You need partner to gain advance performance
In 1996 a column appeared in Fortune magazine that created quite a stir within the Human Resource (HR) profession. Entitled “Taking on the Last Bureaucracy,” the column’s author indicated that he had a modest proposal regarding the HR department.
“Why not blow the sucker up? I don’t mean improve HR …I mean abolish it” (Stewart, 1996, p. 105). These are tough words! Could they be an anomaly, stated by someone who had a conflict with his local HR department? Unfortunately, it does not appear so. David Ulrich, an esteemedacademic, consultant, and supporter of the HR profession, indicated that “as much as I like HR people …I must agree that there is good reason for HR’s beleaguered reputation.
It is often ineffective, incompetent and costly; in a phrase it is value sapping” (1998, p. 124).
Why the criticism of a field that is dedicated to support- ing people within organizations? We believe it is largely due to the reticence, even resistance, of many HR functions and professionals to embrace a more strategic, and less transactional, approach. A recent survey of HR professionals by the Society for Human Resource Management (SHRM) indicated
That only 7 percent of respondents believed the need for HR to work as a Strategic Business Partner (SBP) was a key trend (Caudron, 2003, p. 28). Higher on the list were managing diversity and administering health care. And while many in the HR field are slow to accept the need to be more strategic, transactional work—the work that has been a primary focus for HR functions—is increasingly being outsourced.
According to a research report by SHRM published in 2004, almost 60 percent of organizations responding to the survey indicate that they are currently outsourcing at least one HR function. Many of the most common functions outsourced are transactional and administrative in nature, including employee assistance and counseling, health benefits administration, and temporary staffing.
Clearly, expectations for HR are changing. The bar is rising. The result is a gap between what managers and employees need from their HR departments and what is being provided.
Strategic Business Partners (SBPs) demonstrate competence in many ways—through their questioning of clients, their knowledge of the business, and their ability to translate business needs into performance requirements and people initiatives. But performing effectively as an SBP requires use of a mental model as a guide or rudder.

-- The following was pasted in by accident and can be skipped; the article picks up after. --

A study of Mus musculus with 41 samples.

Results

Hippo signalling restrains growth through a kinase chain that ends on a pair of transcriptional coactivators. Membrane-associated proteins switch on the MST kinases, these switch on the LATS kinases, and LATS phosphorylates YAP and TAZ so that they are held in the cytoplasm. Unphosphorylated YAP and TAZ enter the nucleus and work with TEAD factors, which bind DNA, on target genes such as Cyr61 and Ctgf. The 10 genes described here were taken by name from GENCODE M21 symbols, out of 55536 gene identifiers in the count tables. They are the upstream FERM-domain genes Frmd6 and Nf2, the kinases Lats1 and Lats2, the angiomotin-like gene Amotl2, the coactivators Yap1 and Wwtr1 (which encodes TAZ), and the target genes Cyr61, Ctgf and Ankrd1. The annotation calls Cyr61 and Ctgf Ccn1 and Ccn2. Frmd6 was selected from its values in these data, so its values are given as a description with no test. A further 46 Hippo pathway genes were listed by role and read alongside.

We discuss the four key concepts integral to this mental model and critical to success as an SBP. We clarify the nature of strategic work and why an SBP must be involved in strategic initiatives. We also discuss the four types of needs in every organization and why an SBP must be aware of their impact upon every project. In addition we describe how asking the “right” questions and gaining access to clients will have a direct impact upon your success as an SBP.
Overview of Four SBP Concepts The word concept means “a general idea derived or inferred from specific instances or occurrences.” From our work and that of academicians and other practitioners in our field, there are clearly four concepts that are relevant to an SBP:
1. Three Kinds of Work. HR functions support three kinds of work: transactional, tactical, and strategic. Although SBP perform all three kinds of work, it is vital that the majority Of their work be strategic in nature.
2. The Need Hierarchy. If you have read either Performance Consulting: Moving Beyond Training, or Zap the Gaps! Target Higher Performance and Achieve It!, you will be familiar with this concept, which acknowledges the four needs resident within organizations at all times. This hierarchy will be explained ; it is a key tool SBPs use to define and align these needs.
3. Translating Business Needs into Human Performance Requirements and Initiatives. This concept supports the types of questions that are asked by SBPs. It is vital that SBPs ask “the right questions right” to determine the human performance requirements and gaps relative to a business need. Only then can the most appropriate initiatives be identified. But what are the right questions? They are rooted within this concept.
4. Identifying the True Client. One of the most common errors made by SBPs is to learn too late they are not working with the “true” client. Who qualifies as a client? Using appropriate criteria to determine the specific individuals with whom to partner is critical.